UNIVERSITY PARK, Ill. (March 31, 2022) – On Saturday, March 26, Governor’s State University’s Center for Performing Arts invited its community members to a sneak peek of a new drama, Red Summer, which will premiere on the Center’s stage in September 2022.

Red Summer is co-written by playwrights Shepsu Aakhu and Andrew White. Shepsu Aakhu is a prolific playwright and founder and executive director of MPAACT (Ma’at Production Association of Afrikan Centered Theatre) and has written many plays chronicling the Black perspective of growing up in Chicago. Andrew White is a founding member of Lookingglass Theatre Company, where he served as Artistic Director from 2010–2016, and currently serves as the Director of Community Engagement in the company’s Department of Curiosity.

Chicago’s Red Summer

Red Summer depicts the Chicago race riots of 1919. The riots were triggered by the death of a Black youth, Eugene Williams, on July 27, 1919. He and his friends launched their raft in Lake Michigan when it drifted from a beach reserved for Blacks into an area reserved for whites. Stones were hurled at the young men, resulting in Eugene’s death. Police refused to arrest the white man responsible for the incident, which sparked the Chicago race riots.


Red Summer
Red Summer cast performing “Black & Tan” (Photo: C Kimberly Gonzalez)

Preview and performance

Event attendees last Saturday were the first to view a staged musical number from the production, leaving the audience looking forward to the entire show in September. If the appetizer is a taste of the main course, the audience is definitely in for a treat.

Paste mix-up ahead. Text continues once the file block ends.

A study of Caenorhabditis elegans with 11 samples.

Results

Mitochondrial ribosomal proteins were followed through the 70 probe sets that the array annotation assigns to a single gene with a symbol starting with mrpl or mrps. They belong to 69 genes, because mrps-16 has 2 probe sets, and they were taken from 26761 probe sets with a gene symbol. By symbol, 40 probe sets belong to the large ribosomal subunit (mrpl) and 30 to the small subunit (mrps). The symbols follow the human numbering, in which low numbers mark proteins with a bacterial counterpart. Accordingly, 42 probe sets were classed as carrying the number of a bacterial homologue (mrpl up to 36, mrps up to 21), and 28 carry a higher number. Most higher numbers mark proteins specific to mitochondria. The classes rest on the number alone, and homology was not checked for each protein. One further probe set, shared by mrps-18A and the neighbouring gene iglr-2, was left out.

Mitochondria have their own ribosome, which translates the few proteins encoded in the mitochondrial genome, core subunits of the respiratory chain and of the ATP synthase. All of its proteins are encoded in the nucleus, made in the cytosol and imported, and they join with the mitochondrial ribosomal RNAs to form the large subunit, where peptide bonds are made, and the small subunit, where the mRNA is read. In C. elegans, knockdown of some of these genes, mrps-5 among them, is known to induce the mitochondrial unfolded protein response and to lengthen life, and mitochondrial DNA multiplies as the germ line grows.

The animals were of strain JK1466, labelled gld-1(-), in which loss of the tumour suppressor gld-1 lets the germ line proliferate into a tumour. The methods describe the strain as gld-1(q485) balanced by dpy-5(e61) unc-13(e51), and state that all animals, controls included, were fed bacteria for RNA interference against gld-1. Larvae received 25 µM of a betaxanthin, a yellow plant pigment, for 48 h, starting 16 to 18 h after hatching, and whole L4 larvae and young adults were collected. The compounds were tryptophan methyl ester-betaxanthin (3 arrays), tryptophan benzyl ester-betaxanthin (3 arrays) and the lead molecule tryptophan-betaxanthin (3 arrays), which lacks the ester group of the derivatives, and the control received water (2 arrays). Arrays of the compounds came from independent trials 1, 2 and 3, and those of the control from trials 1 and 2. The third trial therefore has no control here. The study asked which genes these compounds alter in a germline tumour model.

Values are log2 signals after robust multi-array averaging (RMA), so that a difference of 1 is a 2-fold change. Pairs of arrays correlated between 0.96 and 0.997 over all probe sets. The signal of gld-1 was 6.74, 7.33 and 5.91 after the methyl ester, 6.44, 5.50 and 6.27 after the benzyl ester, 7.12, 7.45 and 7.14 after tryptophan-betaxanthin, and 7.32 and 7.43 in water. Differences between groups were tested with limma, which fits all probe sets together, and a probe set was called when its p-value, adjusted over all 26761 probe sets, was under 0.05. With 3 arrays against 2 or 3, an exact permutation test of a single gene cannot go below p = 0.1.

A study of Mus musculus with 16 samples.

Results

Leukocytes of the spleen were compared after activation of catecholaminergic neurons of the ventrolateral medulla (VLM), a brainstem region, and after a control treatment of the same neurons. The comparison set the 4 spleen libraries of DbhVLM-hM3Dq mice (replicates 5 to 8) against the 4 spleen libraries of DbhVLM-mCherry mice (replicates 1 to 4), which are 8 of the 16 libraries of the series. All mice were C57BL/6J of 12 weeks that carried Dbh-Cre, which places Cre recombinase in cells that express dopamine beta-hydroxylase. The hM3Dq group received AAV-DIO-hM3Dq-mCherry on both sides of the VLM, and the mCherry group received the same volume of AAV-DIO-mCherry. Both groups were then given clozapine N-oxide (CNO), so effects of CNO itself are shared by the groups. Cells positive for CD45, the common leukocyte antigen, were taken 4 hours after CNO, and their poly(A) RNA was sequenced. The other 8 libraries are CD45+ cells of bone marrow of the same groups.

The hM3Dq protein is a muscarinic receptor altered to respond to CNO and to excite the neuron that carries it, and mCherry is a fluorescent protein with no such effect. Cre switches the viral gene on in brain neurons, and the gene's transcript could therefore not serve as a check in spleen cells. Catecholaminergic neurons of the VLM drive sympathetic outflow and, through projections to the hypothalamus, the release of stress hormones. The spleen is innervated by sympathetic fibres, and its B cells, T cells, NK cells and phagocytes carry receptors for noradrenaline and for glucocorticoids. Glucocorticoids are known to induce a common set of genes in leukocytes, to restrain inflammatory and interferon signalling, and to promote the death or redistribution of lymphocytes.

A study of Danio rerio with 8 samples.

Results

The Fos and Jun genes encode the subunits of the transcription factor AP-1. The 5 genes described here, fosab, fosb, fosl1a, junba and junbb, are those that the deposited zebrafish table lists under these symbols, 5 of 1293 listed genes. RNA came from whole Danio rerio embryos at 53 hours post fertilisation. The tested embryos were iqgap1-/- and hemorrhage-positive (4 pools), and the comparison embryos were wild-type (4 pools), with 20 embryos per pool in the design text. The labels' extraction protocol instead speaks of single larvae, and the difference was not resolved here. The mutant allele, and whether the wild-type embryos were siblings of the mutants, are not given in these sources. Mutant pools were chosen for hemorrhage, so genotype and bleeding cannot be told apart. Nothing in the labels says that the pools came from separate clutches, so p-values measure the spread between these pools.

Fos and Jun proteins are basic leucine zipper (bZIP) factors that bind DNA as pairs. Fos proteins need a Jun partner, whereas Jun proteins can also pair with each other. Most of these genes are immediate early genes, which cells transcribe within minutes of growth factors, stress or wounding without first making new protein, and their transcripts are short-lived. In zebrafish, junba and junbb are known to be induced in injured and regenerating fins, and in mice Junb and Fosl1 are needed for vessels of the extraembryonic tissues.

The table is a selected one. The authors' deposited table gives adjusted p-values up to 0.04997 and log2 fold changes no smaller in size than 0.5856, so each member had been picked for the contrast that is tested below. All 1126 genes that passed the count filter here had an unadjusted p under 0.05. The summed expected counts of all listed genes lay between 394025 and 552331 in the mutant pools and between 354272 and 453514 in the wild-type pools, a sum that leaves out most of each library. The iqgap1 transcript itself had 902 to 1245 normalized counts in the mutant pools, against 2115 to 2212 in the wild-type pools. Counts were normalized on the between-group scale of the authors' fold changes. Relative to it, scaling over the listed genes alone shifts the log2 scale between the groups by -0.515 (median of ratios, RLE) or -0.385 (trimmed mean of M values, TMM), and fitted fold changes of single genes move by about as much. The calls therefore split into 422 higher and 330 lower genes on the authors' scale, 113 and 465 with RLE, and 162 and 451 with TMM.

The preview was followed by a panelist discussion and Q&A with the creative team. Sylvia Ewing moderated the conversation, and guest panelists were Dr. Phyllis Wes (Director of GSU’s Social Justice Initiative), Erica Griffin (Director of Education, Chicago History Museum), Shepsu Aakhu (playwright), Andrew White (playwright), and Shawn Wallace (composer).

From left: Erica Griffin (Director of Education, Chicago History Museum), Sylvia Ewing moderator, Dr. Phyllis Wes (Director of GSU’s Social Justice Initiative), Shepsu Aakhu (playwright), Andrew White (playwright), and Shawn Wallace (composer) (Photo: C Kimberly Gonzalez)

The discussion touched on the idea that, 100 years later, the same issues still exist in America, with one example being the George Floyd incident during the pandemic.

Aakhu said, “Living history is right now, and we need to integrate lessons to heal and learn from them.”

Wallace said, “This play is déjà vu all over again with what happened with George Floyd, the pandemic, and deaths. The past, present, and future are all now.”

Governors State is located at 1 University Parkway in University Park, Illinois. More information is available at the Governors State University Center for Performing Arts website: https://www.govst.edu/About/Center_for_Performing_Arts/.